Music

Guitar and Clarinet, Lovingly Processed by Electronics

Marc Sinan / Photo courtesy of ECM Records

On White, jazz's Marc Sinan and Oğuz Büyükberber prove that duet albums are only as limiting as your imagination.

White
Marc Sinan / Oğuz Büyükberber

ECM

18 May 2018

Guitarist Marc Sinan and clarinetist Oğuz Büyükberber both come from Turkish ancestry, yet their collaboration White doesn't give the impression that they landed upon this music easily. Sinan started his musical career by studying classical guitar but found himself drawn towards Turkish music. Büyükberber, who grew up around Turkish music, started from the opposite direction and found himself headed in a more classical direction. The two have crossed paths before on a Sinan album named Hasretim: Journey to Anatolia, laying the groundwork for White as a collaboration in both performance as well as in composition. You'll probably also hear nothing else like it all year.

Both Marc Sinan and Oğuz Büyükberber are credited with using electronics. If duet albums don't really excite you because you think that less-is-definitely-not-more, White ups the game through electronic manipulation. The CD starts with a selection from Sinan's original series "Upon Nothingness", peppered throughout the album. First is "Upon Nothingness, Yellow", which features a passage on electric guitar that is soaked in enough reverb to drown a horse. Softly in the background are voices lifted from 1916 recordings of Armenian prisoners who were deported to Germany in the thick of World War I. The clarity of these chant-like passages are surprisingly good, delivering the chill they ominously promise, even if you don't understand the language or the song. The one movement that the two gentlemen composed together, "Upon Nothingness, White", is lighter than air. So little happens that, at one point, I had to look at the sound file to make sure that it was still playing.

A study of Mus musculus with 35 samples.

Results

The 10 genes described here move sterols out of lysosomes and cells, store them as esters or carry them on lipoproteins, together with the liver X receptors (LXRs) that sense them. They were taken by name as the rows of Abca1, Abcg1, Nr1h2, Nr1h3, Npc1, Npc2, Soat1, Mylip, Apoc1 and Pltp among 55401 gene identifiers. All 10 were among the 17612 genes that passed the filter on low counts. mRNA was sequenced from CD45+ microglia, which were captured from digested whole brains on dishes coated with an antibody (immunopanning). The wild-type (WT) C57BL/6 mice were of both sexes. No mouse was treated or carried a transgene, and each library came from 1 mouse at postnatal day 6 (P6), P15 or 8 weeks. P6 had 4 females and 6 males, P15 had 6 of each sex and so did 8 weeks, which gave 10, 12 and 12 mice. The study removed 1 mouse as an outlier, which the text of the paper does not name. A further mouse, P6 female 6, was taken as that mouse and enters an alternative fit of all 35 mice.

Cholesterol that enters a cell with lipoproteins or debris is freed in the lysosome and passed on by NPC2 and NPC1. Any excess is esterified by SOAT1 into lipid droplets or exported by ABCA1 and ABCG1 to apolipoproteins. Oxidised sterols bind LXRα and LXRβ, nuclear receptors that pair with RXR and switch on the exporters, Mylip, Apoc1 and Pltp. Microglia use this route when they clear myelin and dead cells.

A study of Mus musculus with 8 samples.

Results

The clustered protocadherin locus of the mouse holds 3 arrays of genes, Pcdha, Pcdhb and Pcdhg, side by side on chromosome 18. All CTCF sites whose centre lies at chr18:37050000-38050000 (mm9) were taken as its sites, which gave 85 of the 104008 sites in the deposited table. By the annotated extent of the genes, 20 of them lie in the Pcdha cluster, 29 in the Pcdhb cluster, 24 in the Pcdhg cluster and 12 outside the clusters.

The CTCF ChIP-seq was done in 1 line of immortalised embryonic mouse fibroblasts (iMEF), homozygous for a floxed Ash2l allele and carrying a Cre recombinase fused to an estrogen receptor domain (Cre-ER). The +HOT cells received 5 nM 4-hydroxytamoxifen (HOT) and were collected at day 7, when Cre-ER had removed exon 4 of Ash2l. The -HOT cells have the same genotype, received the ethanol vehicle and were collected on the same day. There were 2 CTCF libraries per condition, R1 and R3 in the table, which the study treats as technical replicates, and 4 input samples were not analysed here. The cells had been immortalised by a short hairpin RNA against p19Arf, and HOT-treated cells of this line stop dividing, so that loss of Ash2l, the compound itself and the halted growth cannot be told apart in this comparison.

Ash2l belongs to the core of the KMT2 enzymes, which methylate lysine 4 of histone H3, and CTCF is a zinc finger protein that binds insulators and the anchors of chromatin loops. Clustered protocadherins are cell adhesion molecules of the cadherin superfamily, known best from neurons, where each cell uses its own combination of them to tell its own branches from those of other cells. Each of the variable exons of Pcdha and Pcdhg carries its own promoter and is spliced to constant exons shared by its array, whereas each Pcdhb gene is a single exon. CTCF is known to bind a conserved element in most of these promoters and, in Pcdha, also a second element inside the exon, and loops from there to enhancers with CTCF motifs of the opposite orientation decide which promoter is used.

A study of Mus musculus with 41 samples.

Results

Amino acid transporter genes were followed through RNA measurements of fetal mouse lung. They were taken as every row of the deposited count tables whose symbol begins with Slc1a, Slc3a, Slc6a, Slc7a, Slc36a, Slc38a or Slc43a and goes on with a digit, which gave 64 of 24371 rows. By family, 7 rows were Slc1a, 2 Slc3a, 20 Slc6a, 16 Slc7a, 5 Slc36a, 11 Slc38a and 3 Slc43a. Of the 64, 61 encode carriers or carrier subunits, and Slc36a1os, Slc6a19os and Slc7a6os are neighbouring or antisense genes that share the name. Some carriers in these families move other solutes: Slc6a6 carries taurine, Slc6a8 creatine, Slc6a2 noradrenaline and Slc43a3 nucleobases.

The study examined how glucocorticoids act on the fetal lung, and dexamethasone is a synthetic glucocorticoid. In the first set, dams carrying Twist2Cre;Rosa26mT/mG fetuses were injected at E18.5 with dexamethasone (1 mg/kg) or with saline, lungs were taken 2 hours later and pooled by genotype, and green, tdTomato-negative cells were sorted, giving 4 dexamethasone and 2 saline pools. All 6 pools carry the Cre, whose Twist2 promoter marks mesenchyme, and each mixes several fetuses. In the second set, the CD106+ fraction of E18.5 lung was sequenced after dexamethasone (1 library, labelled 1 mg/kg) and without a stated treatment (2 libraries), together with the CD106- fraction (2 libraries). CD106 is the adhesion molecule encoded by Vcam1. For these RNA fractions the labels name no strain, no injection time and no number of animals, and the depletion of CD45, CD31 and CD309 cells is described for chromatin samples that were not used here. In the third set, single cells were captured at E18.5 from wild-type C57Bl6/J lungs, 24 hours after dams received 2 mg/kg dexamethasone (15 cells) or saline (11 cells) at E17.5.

Oğuz Büyükberber submits a series of compositions simply titled "There", totaling five movements in all. These rely less on electronics and more on the interplay between clarinet and electric guitar. And true to the way in each man has strayed from their respective roots, they rely less on atmosphere and improvisation as "Upon Nothingness". Büyükberber trots out a melodic motif from time to time, one that jumps at specific intervals and becomes a rare source of repetition for White overall. The business of "There II" acts as a bridge to "Upon Nothingness, Green", where Büyükberber is doing his best bird calls while Sinan works his way up to a wide, sopping wet brush to blacken the sky. Once that hill is crested, Büyükberber brings us back to solitary confinement with the solo clarinet track "There III", a tune that sounds like a series of Middle Eastern calls that never receive a response.

As I said before, you'll probably not hear anything like White for the rest of the year. And while I do mean that as a high compliment, it's also a bit of a shame to realize that risk-taking is still a pay-to-play venture. Some purists of classical and jazz are okay with the two mixing. Purists of both genres are absolutely not okay with the introduction of electronic manipulation. Trying to combine all three? Forget about it, they'd say. But White is an example of how all three, while in the very capable musical hands of Marc Sinan, Oğuz Büyükberber, and Manfred Eicher, can become a very powerful and inspiring musical tool. Allow it to work its magic and you will not be sorry.